Four reasons you should still be watching the 2018-19 Canucks season

The Canucks could miss the playoffs for the fourth-straight year, but you should still be tuning in.

Pass it to Bulis



Even now, in spite of their five-game point streak over the last week, the Canucks are still a longshot make the playoffs. They might only be four points out of the playoffs, but they need to pass four teams to get into the final WIld Card spot.

With that in mind, you might be wondering why you should bother watching the eight games remaining in the Canucks season. It’s a fair question. I’m not going to hate on bandwagon fans, because it is admittedly far more fun to cheer for a team that’s winning. That said, I would be remiss if I didn’t point out some very good reasons to keep watching.

There’s still a chance for the playoffs

If you’re a big fan of mathematical possibilities, the end of the Canucks season is for you! The Canucks have not been mathematically eliminated yet and could still make the playoffs. HockeyViz places their chances at 1%, while Sports Club Stats has them at 1.3%, which is significantly better odds than C3P0 gave Han Solo for successfully navigating an asteroid field, and it worked out pretty well for Han Solo.

Besides, if the Canucks pull this off, you would feel like a fool if you missed out on one of the most unlikely and incredible runs to end a season in NHL history. You should also never leave any sports game early, because you never know when a team might come back from being down 5-0 or something. You don't want to miss something crazy like that!

Quinn Hughes’ Canucks debut

The Canucks signed their top prospect, Quinn Hughes, over a week ago, but, in classic Canucks fashion, he’s injured. A shot that he blocked in the penultimate game of his NCAA career caused a deep bone bruise on his ankle and he’s been seen in a walking boot instead of in his skates on the ice.

That said, Hughes should be able to make his Canucks debut as early as next week and it should be a sight to see. Hughes is an elite skater that could revolutionize the Canucks’ breakouts and provide a serious boost on the power play. Hughes’ debut should be a can’t-miss event. So, don't miss it.

Elias Pettersson’s rookie of the year run

The Canucks haven’t had a Calder Trophy winner as rookie of the year since Pavel Bure back in the 1991-92 season, but that’s about to change. Elias Pettersson is the favourite to win this season and it’s not hard to see why: he’s run away with the rookie scoring race and rescued the Canucks’ season from potential unwatchability, breaking the Canucks' rookie scoring record in the process.

Pettersson has a little bit of competition — Jordan Binnington has been outstanding for the St. Louis Blues and Rasmus Dahlin smashed the record for most points by an 18-year-old defenceman — but Pettersson still has the inside edge for the Calder. Pettersson has entertained Canucks fans all season long and watching him close out a Calder campaign will be worth the price of admission.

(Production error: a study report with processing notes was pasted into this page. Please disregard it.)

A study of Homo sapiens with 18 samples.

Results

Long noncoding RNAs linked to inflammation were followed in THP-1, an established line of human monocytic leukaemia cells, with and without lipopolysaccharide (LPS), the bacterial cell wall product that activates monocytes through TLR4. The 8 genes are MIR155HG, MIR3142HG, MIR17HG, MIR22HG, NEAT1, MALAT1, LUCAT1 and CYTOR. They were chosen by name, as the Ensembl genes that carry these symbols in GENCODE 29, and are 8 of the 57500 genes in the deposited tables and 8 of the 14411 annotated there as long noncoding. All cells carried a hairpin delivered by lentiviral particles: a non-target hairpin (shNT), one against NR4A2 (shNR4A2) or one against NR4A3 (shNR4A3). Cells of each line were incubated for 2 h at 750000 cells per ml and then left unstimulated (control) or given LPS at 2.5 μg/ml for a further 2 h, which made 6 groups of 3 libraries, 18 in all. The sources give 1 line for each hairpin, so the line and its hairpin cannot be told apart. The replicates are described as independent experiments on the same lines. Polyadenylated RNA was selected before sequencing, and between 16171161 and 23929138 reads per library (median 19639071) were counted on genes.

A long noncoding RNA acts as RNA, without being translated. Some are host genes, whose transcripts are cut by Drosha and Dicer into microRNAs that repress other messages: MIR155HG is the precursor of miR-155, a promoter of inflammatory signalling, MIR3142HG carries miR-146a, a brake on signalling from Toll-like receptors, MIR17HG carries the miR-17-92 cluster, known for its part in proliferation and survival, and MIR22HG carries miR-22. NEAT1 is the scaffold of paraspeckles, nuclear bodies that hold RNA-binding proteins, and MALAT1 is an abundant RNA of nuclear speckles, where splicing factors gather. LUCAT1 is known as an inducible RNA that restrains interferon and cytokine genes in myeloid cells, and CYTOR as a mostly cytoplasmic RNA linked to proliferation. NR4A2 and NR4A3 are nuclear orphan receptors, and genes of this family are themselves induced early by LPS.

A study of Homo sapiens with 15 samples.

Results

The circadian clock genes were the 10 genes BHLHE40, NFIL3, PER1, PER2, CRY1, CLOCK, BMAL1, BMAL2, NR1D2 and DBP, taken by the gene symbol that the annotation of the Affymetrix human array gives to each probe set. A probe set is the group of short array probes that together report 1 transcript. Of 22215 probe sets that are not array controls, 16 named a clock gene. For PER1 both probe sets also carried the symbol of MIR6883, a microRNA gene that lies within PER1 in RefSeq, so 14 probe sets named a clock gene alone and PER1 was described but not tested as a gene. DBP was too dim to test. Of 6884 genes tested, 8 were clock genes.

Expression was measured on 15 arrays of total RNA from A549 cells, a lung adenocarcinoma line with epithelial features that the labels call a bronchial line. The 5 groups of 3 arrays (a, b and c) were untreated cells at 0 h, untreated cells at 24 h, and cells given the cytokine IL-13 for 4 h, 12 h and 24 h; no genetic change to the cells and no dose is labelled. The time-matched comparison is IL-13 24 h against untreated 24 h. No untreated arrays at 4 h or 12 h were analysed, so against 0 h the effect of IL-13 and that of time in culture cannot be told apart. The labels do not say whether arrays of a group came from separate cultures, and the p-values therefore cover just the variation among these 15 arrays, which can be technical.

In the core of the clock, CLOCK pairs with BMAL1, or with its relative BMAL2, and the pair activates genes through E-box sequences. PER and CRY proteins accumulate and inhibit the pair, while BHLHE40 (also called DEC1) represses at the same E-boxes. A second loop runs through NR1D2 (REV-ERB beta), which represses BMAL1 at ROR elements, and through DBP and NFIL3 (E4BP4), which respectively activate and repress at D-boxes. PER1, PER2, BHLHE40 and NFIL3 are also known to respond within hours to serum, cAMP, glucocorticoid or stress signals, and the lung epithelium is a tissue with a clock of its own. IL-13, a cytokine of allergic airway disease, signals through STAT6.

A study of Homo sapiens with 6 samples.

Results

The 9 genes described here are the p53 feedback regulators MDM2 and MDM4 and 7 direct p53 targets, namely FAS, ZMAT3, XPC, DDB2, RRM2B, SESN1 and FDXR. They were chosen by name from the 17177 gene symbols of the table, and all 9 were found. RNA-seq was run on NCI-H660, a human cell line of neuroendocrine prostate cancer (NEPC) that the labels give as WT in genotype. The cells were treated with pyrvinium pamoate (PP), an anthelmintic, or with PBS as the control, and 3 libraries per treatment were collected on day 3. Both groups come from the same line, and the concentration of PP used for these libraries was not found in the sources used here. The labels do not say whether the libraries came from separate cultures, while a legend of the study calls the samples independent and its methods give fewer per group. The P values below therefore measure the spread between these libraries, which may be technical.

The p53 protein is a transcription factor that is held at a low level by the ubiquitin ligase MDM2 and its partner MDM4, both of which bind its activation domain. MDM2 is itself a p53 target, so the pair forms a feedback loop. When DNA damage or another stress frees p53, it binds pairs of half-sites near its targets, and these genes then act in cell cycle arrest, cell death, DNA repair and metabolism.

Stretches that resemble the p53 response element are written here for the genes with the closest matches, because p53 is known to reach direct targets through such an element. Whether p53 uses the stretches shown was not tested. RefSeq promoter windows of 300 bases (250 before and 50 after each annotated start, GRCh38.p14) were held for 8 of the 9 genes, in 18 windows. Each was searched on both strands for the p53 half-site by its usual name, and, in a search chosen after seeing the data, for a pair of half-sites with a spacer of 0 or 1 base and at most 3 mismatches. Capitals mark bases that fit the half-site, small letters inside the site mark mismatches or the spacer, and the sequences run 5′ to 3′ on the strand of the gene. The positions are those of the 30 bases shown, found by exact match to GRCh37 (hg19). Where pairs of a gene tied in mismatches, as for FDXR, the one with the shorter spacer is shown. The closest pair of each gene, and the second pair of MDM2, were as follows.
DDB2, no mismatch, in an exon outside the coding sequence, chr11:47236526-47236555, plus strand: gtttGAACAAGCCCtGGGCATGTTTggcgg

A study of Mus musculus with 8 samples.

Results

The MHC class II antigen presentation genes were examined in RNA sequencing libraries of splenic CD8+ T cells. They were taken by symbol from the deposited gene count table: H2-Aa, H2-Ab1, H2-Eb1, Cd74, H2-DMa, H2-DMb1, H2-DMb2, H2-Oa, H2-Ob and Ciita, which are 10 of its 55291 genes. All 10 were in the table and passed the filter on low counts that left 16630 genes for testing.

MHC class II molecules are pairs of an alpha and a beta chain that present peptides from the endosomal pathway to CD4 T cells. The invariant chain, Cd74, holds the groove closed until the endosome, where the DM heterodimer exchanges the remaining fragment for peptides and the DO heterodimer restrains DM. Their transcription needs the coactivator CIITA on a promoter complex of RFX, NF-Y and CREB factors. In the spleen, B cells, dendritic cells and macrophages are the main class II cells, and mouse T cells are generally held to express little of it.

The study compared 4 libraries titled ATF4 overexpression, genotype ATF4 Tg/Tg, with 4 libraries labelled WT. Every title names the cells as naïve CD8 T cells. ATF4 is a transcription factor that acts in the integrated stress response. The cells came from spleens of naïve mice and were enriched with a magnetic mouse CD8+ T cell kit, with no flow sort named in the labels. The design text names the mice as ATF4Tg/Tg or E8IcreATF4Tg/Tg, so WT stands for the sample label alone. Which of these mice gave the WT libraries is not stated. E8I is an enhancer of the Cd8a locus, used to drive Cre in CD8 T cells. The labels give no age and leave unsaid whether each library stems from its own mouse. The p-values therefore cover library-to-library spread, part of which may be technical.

Morbid curiosity

There have been a lot of positives in the 2018-19 Canucks season and reasons to be hopeful for the future. But for the masochists in the Canucks fanbase — and they must exist, given the suffering over the last 50 years — there’s also plenty to appreciate.

The Canucks are unlikely to make the playoffs, but their recent point streak has also pulled them out of the NHL basement. As a result, they’re entering what Patrick Johnston of The Province has called the Realm of Sadness. It’s the area where not only are you missing the playoffs, but you’re also missing out on the best prospects at the top of the NHL draft.

Just how sad can the Canucks season get? You’ll have to tune in to find out.

Stick-taps and Glove-drops

A tap of the stick to Elias Pettersson for passing Pavel Bure and Ivan Hlinka for the Canucks rookie record in points with his assist on Monday against the Chicago Blackhawks. It’s an incredible accomplishment for the 20-year-old centre.

I'm dropping the gloves with the NHL players that voted Antoine Roussel as the second-worst trash-talker in the NHLPA player's poll. Look, just because you can't understand his chirps through his French accent doesn't mean they're not devastating.

Big Numbers

61 - It took Elias Pettersson 61 games to reach 60 points, four fewer games than it took Bure in his rookie season and 11 fewer than Hlinka. On Monday, he scored his 61st point in his 62nd game to pass them both.

63 - Daniel and Henrik Sedin combined for 29 goals and 63 points in their rookie season. Pettersson has already matched their combined point total, with his two points on Wednesday bringing him to 27 goals and 63 points in 63 games.